By: Stephanie H. Morris, MM, MT-BC, NMT
As I stated last month, reading research is an art and takes practice. My goal for discussing this particular article is to help you understand the significance of this research for the music therapy community and for parents and caregivers of children with a diagnosis of Autism Spectrum Disorder (ASD).
This research was a joint effort by Dr. Lim and Ms. Draper, who at the time were at Sam Houston State University. For those who have been around others who live and work with individuals on the Autism Spectrum, the term “Applied Behavior Analysis” (ABA) is commonplace. It is often the way we determine the why someone is reacting to a stimulus or their environment. Lim and Draper (2011) wanted to compare ABA Verbal Behavior (VB) with ABA VB paired with music to see how that affected the speech development of children on the Autism Spectrum. This qualitative study included twenty-two children, ranging in age from 3 – 5, “who were verbal or pre-verbal with presence of immediate echolalia” (p. 532).
Lim and Draper (2011) state, “The effect of music on speech production in children with ASD might be explained by the inherent structure of music stimuli and the intact capacity of pattern perception and production in children with ASD” (p. 533). Dr. Lim has done other studies with children diagnosed with ASD and validating the positive effects of music on their speech production. Therefore, the researchers for this study wanted to examine specifically how music paired with ABA VB compared to ABA VB without music. Their examination of this training would take into account that language is a behavior yet also look at the language of the child and ask the why they are using that particular language.
If you recall, I stated in my September 20 blog that researchers go to great lengths to make sure their research is sound and valid. Last month’s research divided their participants into two groups, but this study has the children divided into three groups. They wanted to examine three scenarios, 1) music with ABA VB, 2) speech ABA VB and 3) no training at all. They developed a set of “target words or phrases [which were] categorized by four verbal operants: mand, tact, echoic, and intraverbal” (Lim & Draper, 2011, p. 536). The table on page 537 breaks down these categories and identifies the target word or phrase dependent on the type of training.
I feel at this point that I need to provide an explanation of the different types of training.
- Mand training is where someone identifies what they want to do or how they want something to go. An example might be “What instrument would you like to play? The mand response may be “drum” or “guitar”.
- Tact training is the act of someone labels what he or she sees. An example may be to show the child a picture and they tell you it is a “black dog”.
- Echoic involves the child repeating what they have just heard. If you tell the child to say “hello” to someone and they in turn, say “hello.”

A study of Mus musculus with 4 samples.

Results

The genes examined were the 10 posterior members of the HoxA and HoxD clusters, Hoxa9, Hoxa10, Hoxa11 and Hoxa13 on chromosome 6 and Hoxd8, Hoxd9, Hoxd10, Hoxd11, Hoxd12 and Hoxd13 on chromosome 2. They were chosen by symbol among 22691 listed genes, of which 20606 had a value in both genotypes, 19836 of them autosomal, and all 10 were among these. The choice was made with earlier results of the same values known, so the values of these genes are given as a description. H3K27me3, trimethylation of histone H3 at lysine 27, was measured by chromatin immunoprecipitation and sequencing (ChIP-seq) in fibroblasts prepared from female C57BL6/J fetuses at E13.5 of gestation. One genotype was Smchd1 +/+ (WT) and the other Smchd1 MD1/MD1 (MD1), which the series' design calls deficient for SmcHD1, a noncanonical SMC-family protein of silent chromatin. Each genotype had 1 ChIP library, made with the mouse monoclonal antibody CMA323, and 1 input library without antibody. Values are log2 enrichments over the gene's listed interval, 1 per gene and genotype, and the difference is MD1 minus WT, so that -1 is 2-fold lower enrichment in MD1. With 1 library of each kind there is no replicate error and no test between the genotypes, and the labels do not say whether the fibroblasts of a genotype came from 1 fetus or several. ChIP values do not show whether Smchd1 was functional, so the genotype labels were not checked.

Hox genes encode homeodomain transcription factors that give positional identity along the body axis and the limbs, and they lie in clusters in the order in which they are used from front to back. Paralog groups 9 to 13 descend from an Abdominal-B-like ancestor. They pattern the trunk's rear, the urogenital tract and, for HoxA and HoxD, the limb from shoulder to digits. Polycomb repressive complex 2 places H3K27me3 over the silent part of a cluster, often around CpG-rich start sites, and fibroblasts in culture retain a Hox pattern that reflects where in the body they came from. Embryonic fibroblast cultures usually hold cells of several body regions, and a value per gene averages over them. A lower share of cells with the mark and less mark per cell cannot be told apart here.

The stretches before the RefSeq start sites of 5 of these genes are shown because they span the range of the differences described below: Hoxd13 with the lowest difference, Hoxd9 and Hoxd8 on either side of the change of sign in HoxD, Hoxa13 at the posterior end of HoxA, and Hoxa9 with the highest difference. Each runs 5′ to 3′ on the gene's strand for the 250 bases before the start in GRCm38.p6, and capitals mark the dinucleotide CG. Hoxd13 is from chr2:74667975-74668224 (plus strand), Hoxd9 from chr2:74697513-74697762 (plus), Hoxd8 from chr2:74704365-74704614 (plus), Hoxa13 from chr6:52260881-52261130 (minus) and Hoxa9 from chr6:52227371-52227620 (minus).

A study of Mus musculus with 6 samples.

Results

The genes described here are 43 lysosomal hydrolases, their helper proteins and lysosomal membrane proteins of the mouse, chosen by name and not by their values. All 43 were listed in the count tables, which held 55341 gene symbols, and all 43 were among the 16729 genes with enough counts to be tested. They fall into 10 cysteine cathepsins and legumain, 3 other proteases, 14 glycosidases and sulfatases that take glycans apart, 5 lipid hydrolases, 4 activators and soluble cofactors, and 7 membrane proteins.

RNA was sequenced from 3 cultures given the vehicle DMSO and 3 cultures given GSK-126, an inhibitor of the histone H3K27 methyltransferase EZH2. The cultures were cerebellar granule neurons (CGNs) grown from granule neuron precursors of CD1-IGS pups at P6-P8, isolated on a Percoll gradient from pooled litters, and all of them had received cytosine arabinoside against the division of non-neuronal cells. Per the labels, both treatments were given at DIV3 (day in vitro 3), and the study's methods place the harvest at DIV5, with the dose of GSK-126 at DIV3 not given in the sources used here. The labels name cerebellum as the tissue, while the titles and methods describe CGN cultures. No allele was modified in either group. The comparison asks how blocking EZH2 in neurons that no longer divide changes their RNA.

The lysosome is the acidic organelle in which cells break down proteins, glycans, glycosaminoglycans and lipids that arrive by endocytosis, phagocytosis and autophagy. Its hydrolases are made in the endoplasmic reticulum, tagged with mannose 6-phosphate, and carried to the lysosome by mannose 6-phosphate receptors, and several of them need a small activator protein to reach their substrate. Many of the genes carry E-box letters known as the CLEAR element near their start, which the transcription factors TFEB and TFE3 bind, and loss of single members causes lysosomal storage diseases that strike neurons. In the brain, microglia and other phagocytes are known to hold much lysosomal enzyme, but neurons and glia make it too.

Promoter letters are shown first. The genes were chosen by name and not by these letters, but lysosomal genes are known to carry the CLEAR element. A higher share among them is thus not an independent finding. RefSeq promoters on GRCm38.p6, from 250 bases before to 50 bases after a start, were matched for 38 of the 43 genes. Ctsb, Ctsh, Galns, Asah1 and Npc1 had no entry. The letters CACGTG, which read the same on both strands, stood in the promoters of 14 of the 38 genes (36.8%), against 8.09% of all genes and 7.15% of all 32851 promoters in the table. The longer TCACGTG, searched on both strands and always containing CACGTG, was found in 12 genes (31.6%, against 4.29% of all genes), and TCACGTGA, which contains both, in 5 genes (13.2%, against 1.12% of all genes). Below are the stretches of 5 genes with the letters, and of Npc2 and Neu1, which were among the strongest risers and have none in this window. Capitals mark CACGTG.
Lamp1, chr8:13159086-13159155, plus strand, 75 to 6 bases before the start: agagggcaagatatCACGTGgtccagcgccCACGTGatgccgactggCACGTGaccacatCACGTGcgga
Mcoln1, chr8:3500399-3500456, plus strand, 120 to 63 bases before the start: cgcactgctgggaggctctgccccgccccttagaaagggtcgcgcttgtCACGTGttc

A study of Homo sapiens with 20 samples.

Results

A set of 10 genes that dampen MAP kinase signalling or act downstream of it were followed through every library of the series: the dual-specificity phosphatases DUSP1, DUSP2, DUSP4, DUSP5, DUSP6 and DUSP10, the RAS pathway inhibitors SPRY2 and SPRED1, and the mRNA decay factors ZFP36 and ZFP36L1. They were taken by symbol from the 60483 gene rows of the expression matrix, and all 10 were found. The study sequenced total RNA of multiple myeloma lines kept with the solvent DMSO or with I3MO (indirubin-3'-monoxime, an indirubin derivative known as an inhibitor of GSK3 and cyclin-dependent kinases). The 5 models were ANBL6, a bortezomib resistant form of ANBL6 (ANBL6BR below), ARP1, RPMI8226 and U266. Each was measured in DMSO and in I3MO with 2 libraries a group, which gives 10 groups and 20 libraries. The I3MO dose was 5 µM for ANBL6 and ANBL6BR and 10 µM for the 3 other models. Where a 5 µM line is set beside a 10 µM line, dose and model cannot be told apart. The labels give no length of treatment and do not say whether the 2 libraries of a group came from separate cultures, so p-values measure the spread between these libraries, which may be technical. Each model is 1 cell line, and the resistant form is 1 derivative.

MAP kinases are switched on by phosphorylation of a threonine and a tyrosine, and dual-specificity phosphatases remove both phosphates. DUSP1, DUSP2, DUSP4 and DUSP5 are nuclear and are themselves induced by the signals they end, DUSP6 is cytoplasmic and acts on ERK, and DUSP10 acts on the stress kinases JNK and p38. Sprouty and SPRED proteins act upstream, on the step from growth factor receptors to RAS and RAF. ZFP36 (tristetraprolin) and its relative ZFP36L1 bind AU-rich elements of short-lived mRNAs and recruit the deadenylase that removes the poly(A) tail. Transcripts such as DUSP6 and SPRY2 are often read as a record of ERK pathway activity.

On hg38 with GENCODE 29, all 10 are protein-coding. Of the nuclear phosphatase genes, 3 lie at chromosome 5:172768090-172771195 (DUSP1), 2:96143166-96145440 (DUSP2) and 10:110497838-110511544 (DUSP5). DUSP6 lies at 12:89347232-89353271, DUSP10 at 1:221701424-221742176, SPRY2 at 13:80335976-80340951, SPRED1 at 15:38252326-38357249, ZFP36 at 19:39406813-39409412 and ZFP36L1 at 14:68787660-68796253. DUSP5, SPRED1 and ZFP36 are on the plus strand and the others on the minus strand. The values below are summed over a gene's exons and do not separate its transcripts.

- Intraverbal training relates to having a conversation. For example, you say “Playing the instruments is _________” and the child fills in the blank with an answer such as “fun.”
Now that we have a clearer understanding of what the researchers were testing, we now focus on the results. Not all research is going to have “significant” results. In some instances, that may be what the researchers are seeking. The results for this study indicated that there was not a significant difference between ABA VB with music and ABA VB with speech. However, “music incorporated ABA VB was most effective in echoic production, and speech trainings were effective for production of the four ABA verbal operants” (p. 532).
Lim and Draper (2011) stated in their discussion that, “Participating in music training might be a positive reinforcement for continuing production of the verbal operants in children with autism” (p. 543). For parents, caregivers and music therapists, this is a significant statement. While music paired with ABA VB was not significantly better than ABA VB with speech, music can still be beneficial. A music stimulus provides prompts, reinforcements and an antecedent that you cannot find in speech alone.
Their discussion highlights specific issues surrounding the research as it was conducted. For instance, we do not want to overlook are the “negative (non-functional) verbal production” that occurred when the therapist was working with two specific participants. They imitated or echoed the mand operant instead of giving the answer. The example given in the research report stated that these participants said “Drum or Guitar” when asked what instrument they wanted to play. While these types of responses change the statistics for the researchers, it is the responsibility of the researchers to report and calculate them to provide the reader with an accurate report of what exactly happened during the testing.
Twenty-two children was not a large number of students in comparison to the number of children currently diagnosed with ASD (Autism Spectrum Disorder). This limitation and other variables such as different formats for the pre and post-tests cast restrict the generalization of this study, but future studies with different classifications, more music stimuli or other verbal operants could provide more information about this important look at language development for children with ASD.
All research has its place. While this specific research did not provide significant results between the three different groups, it remains a valuable part of the body of research for music therapy and the role it plays in language development training for children with ASD.
Lim, H. A., Draper, E. (2011). The effects of music therapy incorporated with applied behavior analysis verbal behavior approach for children with autism spectrum disorders. Journal of Music Therapy, 48(4), 532-550.